We know that it takes the adolescent brain a few weeks or more to get itself back up to speed after the long summer break. A lot of teachers, particularly in the high school grades, try to combat their students’ brainpower regression by trying to keep them busy over the vacation.
Does summer homework, particularly reading, actually help or hurt students? The answer is maybe, and that’s only if you believe homework is helpful in the first place. But just like education during the school year, if the tasks are inauthentic (i.e. busy work), they will serve little to no purpose.
But the brain drain of the summer months is real, so how do we make sure our students are firing on all cylinders when they walk through our doors? Here are some things to keep in mind when assigning summer work.
Make sure the tasks are actually used
Nothing will generate ill will amongst the students faster than telling them their summer work was all for naught, but you wouldn’t believe how many teachers forget the kids even had anything assigned over vacation. The students read your books or did your homework in good faith. The summer work needs to be included, if not dominate, your first unit of the new school year. Otherwise you might have some trust issues to address.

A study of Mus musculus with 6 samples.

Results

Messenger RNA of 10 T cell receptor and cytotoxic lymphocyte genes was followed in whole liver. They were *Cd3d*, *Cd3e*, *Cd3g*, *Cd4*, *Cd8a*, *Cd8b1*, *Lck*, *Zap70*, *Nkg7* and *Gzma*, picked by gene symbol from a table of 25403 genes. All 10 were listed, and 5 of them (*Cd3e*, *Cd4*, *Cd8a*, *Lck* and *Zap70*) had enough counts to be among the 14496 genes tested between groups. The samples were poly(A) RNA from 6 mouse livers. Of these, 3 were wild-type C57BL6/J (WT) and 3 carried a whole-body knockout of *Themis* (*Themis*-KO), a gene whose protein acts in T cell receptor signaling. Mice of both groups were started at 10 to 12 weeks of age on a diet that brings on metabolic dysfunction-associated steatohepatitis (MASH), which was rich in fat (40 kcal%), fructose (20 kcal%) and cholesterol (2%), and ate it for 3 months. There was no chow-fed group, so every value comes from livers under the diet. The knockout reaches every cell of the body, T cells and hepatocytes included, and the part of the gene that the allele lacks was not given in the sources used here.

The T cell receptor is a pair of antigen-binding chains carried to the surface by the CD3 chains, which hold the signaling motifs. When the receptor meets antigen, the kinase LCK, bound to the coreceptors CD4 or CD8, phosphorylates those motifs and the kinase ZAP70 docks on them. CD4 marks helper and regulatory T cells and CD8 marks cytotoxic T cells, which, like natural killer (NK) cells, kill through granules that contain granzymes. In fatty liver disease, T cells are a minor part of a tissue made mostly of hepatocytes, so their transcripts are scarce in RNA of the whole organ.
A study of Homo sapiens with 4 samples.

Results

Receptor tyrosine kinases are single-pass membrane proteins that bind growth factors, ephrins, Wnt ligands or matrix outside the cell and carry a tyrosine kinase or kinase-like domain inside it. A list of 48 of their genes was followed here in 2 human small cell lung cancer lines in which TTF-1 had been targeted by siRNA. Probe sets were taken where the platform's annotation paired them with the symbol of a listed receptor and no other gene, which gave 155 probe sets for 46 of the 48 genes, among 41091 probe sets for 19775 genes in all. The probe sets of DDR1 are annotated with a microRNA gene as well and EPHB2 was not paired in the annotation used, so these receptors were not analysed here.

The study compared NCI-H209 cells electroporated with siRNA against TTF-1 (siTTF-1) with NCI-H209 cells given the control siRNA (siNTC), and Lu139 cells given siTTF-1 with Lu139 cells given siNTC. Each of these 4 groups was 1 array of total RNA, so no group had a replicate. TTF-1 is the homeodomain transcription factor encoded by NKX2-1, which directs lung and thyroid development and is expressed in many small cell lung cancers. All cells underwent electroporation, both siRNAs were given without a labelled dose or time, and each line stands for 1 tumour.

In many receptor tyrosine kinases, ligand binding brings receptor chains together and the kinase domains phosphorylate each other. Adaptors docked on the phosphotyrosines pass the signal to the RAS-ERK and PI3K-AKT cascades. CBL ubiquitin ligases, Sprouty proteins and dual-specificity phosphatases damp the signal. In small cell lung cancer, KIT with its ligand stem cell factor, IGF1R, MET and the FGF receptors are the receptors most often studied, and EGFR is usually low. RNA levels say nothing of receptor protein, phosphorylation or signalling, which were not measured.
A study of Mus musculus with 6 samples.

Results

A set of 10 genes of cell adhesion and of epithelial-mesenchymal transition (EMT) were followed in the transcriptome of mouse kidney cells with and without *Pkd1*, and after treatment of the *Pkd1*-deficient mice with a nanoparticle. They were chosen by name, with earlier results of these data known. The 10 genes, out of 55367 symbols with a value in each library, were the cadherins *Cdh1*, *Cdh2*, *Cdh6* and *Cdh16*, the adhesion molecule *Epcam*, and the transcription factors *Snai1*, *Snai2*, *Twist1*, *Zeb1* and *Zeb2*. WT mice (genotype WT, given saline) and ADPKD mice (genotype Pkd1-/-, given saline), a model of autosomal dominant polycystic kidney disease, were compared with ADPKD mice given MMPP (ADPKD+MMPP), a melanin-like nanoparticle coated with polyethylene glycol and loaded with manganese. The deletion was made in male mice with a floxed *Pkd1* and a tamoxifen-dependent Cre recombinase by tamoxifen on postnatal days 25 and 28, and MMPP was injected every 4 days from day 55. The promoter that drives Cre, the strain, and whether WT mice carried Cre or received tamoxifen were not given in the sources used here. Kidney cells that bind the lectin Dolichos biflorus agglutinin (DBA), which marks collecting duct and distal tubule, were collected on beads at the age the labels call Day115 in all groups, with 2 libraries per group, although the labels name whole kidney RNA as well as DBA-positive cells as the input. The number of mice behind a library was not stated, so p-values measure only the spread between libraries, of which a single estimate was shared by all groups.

Make the tasks authentic
Students, especially older ones, can quickly sniff out busy work and are obviously less likely to give their best effort when they do. If it’s something you wouldn’t assign during class - but might give to a sub if you’re out – don’t assign it during summer. The goal is just as much to prepare the kids for their upcoming studies, as it is to keep them from forgetting what they learned in the previous year. Find a mix of the new with the old, and make it as engaging as possible.
Allow for some self-guided learning
It’s no secret that the more input the student has in the task, the more engaging the lesson becomes. Because you’re not necessarily worried about mastery of new material, and aren’t subject to the same standards, there’s no harm in letting the students choose from a list of possible projects or books to read. Summer is about independence, after all. They even have a day scheduled for it in July.
The ultimate flipped learning opportunity
Perhaps you’re a flipped learning veteran or you’re still just dabbling, summer is the perfect opportunity to assign some lesson videos, either from your own library or from around the web. Have the kids sit in on some TED talks or lectures from Coursera or the Khan Academy. They might not come in with complete mastery of the assigned topics but they will be much better prepared to start than if they were just doing worksheets from last year’s work.